Nanzo-in Temple in Fukuoka, Japan

Fabulous Fukuoka

In spite of all the things to do in Fukuoka, the largest city on Japan’s Kyushu island is precariously overlooked by tourists. This is all the more unfortunate when you consider how many people pass through the city’s busy Hakata Station, the main Shinkansen thoroughfare of Kyushu—but I digress.

I’m going to assume your travel plans include Fukuoka if you’ve arrived on this page. And whether you’re looking for a complete city itinerary, or simply want to find a Fukuoka hotel that suits your tastes and budget, you’re in the right place.

Continue reading not only to get an overview of Fukuoka attractions, but for practical advice about visiting Japan’s City of the Blessed Hill, including when to come and how many days to spend.


In theory, the best time to visit Fukuoka is the same as it is throughout the rest of Japan: During cherry blossom season, which is supposed to reach its peak in Fukuoka during the last few days of March. I say “supposed to” because during my (failed) Kyushu sakura trip, the blossoms were more than a week late—all I got was buds!

Of course, given all the things to do in Fukuoka I’m about to describe, there’s not really a bad time to visit the city. Fukuoka is not a particularly wintry city, and even if you can’t come to enjoy the autumn colors or get caught in the rain during summer’s Tsuyu monsoon, there’s always an alluring indoors to duck into, whether that takes the form of a shopping mall, a museum, a temple or a charming café.

Where to Stay in Fukuoka

If you’re on the hunt for cheap hotels in Fukuoka, you’ll have a wide variety to choose from. Whether you choose a property like the simple but stylish JR Kyushu Hotel Blossom Fukuoka or the basic-boutique Hotel WBF Grand Hakata, the quantity of affordable lodging near Fukuoka’s main transport hub is pretty huge.

Luxury hotels in Fukuoka, on the other hand, are both fewer in number than in other Japanese cities, and somewhat less impressive as well, with notable exceptions like Grand Hyatt Fukuoka. The good news, no matter where you decided to stay, is that you’ll spend more time outside weighing what to do in Fukuoka than you will within the four walls of your room.

The Best Things to Do in Fukuoka

Take a Laid Back Trip to Nanzo-in Temple

 

The most famous Fukuoka temple is actually a bit outside the city, but don’t let that deter you from visiting. You’ll spend most of your at Nanzo-in here marveling and gawking at Nehanzo, the 30-foot tall, 120-foot long Buddha that reclines on these grounds. However, the walk from Kidonanzoin-mae station to the statue is scenic and beautiful, which makes this a fulfilling half-day excursion.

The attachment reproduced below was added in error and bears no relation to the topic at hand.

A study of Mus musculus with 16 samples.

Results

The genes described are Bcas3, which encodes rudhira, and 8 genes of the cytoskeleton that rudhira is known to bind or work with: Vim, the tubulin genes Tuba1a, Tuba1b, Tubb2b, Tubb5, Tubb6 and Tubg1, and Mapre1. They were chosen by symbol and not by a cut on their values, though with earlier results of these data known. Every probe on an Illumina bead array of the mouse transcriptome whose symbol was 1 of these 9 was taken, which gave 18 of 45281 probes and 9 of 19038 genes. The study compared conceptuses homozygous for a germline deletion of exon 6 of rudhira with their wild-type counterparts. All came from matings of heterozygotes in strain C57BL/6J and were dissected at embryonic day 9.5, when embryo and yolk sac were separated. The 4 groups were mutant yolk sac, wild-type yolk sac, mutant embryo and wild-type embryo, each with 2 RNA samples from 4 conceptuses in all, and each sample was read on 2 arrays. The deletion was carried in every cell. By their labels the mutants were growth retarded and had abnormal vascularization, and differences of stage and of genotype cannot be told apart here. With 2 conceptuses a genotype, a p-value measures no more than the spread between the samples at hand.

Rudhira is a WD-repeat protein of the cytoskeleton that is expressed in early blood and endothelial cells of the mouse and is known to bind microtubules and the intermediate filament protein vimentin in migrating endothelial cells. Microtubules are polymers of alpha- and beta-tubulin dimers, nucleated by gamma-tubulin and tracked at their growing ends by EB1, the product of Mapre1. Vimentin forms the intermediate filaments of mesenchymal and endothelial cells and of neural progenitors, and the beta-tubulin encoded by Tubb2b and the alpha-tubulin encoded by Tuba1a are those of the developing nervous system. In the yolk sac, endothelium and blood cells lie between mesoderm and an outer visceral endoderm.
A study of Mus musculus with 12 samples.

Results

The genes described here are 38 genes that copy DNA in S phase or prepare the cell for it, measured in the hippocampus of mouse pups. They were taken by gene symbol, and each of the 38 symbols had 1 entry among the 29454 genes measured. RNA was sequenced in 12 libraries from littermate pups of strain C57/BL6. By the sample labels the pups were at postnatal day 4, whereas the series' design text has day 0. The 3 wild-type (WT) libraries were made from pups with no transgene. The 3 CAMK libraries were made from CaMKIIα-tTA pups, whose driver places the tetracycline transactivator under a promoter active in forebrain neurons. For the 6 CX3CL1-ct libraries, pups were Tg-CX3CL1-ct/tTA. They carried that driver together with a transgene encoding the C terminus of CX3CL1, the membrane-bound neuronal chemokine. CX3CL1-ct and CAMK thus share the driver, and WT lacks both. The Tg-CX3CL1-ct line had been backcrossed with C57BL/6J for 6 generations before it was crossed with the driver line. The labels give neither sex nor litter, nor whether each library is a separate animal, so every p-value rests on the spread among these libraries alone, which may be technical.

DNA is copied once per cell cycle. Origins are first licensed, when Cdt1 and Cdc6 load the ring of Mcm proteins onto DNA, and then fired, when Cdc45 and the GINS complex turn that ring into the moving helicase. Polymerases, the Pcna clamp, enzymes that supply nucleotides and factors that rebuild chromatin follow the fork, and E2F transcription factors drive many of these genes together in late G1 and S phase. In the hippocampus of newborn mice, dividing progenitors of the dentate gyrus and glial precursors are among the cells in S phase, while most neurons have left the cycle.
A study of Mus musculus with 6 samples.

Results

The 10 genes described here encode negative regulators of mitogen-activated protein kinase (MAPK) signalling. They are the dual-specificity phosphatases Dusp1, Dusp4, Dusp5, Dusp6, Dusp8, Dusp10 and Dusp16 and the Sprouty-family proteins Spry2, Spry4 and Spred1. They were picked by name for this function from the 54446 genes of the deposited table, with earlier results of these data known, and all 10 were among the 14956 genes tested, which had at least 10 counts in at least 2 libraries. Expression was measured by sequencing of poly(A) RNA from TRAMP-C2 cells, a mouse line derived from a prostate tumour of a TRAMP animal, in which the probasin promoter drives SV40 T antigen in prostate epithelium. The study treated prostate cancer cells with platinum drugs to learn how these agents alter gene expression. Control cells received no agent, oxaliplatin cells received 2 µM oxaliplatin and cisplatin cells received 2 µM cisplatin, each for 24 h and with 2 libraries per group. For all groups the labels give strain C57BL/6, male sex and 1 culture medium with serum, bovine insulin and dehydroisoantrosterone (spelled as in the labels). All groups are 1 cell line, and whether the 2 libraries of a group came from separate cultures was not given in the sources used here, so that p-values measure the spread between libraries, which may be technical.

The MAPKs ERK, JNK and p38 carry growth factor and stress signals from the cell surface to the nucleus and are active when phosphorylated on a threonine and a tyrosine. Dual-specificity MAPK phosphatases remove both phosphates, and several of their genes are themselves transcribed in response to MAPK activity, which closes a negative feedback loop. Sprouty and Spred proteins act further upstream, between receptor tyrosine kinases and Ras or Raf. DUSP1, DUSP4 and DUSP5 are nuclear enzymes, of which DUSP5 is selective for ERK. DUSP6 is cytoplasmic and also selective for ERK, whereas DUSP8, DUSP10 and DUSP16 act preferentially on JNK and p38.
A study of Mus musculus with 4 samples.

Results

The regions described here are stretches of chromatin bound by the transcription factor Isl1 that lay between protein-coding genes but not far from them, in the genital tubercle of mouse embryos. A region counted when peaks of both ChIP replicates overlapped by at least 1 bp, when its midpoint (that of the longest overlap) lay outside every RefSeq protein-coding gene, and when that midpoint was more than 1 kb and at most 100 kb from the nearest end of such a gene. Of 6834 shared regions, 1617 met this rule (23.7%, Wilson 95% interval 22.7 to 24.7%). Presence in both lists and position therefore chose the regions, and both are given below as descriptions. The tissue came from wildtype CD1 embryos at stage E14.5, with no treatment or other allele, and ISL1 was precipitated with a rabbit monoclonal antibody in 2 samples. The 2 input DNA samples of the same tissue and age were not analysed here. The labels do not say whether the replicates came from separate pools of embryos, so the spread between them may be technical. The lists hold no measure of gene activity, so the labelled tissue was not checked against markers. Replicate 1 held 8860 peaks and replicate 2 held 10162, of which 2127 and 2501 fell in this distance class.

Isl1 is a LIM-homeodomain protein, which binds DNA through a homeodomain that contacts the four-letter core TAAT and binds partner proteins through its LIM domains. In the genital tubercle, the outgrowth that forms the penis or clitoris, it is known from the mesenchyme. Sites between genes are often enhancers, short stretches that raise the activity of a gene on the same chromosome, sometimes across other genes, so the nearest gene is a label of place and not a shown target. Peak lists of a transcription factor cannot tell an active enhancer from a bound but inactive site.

Stroll Amid the Ruins of Fukuoka Castle

 

I struck out when I attempted to visit the ruins of Fukuoka Castle (alternatively known as Maizuru Park) during sakura season, but it’s still among my favorite things to do in Fukuoka. One way to make a trip here even more fulfilling is to stop either before or afterwards at Hakata Issou in Hakata Station for a bowl of creamy Tonkotsu ramen, the most famous local culinary specialty.

Hit The Beach at Momochi Seaside Park

 

Although no Fukuoka beach (at least not in the city center) is really going to wow you, there are plenty of places to enjoy a fresh sea breeze, get some sun or even take a swim. The most popular place to do this is Momochi Seaside Park, located just in front of Fukuoka’s most famous skyscraper (Fukuoka Tower), which makes it convenient no matter what else you do with your time here.

Enjoy a Fukuoka Panorama from Atago Shrine

 

You can’t read a list of things to do in Fukuoka and not see Atago Shrine listed. The oldest Shinto shrine in Fukuoka, originally built in 72 AD, Atago Jinja also boasts one of Fukuoka’s most breathtaking views—this is the “blessed hill” for which the city is named. The best time to make the brisk 20-minute walk from Muromi station is around sunset or just after nightfall, when Fukuoka’s skyline is at its most resplendent.

Go Back to the Yayoi Period in Yoshinogari

 

There are a few day trips from Fukuoka you can take, but my favorite is Yoshinogari, an archaeological park in Saga Prefecture. With dozens of structures dating back to the Yayoi period, which lasted between 300 BC and 300 AD, Yoshinogari is one of the oldest places in Kyushu. To get here, ride any southbound Shinkansen to Shin-Tosu, then transfer to a local train and get off at Yoshinogarikoen.

How Many Days to Spend in Fukuoka

The issue of how many days in Fukuoka is one you can resolve by answering two more foundational questions: How long will you spend in Japan in total, and how much of that do you plan to spend in Kyushu? If you have a month in Japan and plan to spend a week or so in Kyushu, for instance, it’s conceivable that a day or two in Fukuoka will suffice.

On the other hand, if you’re in a more popular city like Hiroshima or Nagasaki and simply want to make good use of your Japan Rail Pass, you can adapt this Fukuoka itinerary for a day trip. (Even though I’d personally recommend spending one night in Fukuoka, at a minimum!)

The Bottom Line

Whether you’re attracted by specific things to do in Fukuoka or simply plan to pass through here en route to wilder adventures in Kyushu, you should spend at least a day or two in Japan’s City of the Blessed Hill. Or outside it—excursions to the reclining Buddha at Nanzo-in temple or Yoshinogari, a Yayoi-era settlement in Saga prefecture, are arguably as fulfilling as anything you’ll find within Fukuoka’s city limits. Feel overwhelmed planning your trip to Kyushu? Commission a custom Japan itinerary!